Search &Seizure: The facts in this case are disturbing because of the body part searched, and therefore the discussion is brief. Police officers arrested George, and when they took him to a hospital for a strip search they observed a bag containing white powder resembling cocaine emerging from his rectum Concealing a bag in the rectum is a common practice among drug addicts and dealers. Based on George’s conduct, an issue arose whether he was experiencing a possible epileptic seizure, but this is a customary diversion tactic among drug users, and police do not ordinarily believe this ruse. Eventually the doctor at the hospital examined George and used a forceps to remove the bag containing cocaine. The doctor testified a rupture of the bag would result in death.
According to the author of the 9th Circuit opinion, who wrote an extensive discussion of the testimony in depositions and discovery (a civil rights suit, not a criminal prosecution) as though he were cross examining the officers and the doctor, he found some discrepancies. (he called them “backtracking”) and that was enough to deny defense motions for summary judgment. This author, who has never tried a criminal case, and does not realize officers cannot remember every detail of an arrest, found the anal search by the doctor non consentual and unreasonable under the Fourth Amendment.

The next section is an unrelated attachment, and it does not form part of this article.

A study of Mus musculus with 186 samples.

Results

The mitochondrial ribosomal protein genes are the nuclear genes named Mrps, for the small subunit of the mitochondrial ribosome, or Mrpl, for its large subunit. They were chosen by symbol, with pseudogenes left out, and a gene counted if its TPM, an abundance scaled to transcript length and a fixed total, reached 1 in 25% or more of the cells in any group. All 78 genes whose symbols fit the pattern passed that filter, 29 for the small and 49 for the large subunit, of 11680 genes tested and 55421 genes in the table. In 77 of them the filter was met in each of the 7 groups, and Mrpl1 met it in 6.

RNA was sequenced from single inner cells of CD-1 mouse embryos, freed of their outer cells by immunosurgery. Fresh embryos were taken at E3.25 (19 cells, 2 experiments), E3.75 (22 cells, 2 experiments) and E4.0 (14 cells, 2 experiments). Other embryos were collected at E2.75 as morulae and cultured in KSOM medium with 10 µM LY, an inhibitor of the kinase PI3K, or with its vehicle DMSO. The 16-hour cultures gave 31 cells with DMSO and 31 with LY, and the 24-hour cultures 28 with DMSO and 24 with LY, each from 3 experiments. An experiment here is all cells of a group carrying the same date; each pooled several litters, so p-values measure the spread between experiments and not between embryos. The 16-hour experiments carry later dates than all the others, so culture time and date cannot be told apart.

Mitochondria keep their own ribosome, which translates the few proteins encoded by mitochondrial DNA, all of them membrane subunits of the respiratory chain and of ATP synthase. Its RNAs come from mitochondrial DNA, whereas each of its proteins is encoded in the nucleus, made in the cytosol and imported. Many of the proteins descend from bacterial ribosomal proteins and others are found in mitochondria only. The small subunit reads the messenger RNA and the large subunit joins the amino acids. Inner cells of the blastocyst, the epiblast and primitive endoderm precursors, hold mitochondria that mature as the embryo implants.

The author ignores the possibility of a death – inducing rupture of the cocaine and informs the doctor and the police how to do their job: do nothing and wait a couple days until the addict moves his bowels; or dies. Characterizing rectal searches as violative of the Fourth Amendment, the author says that in the absence of consent, just wait and see whether the suspect ruptures the bag and dies.
Note: this is the same judge who has rarely voted for a death penalty case and a dissenting judge in Henry v. Ryan, 2014 WL 4440435– an unrelated case now 28 years old. The procedural posture of Henry is preposterous.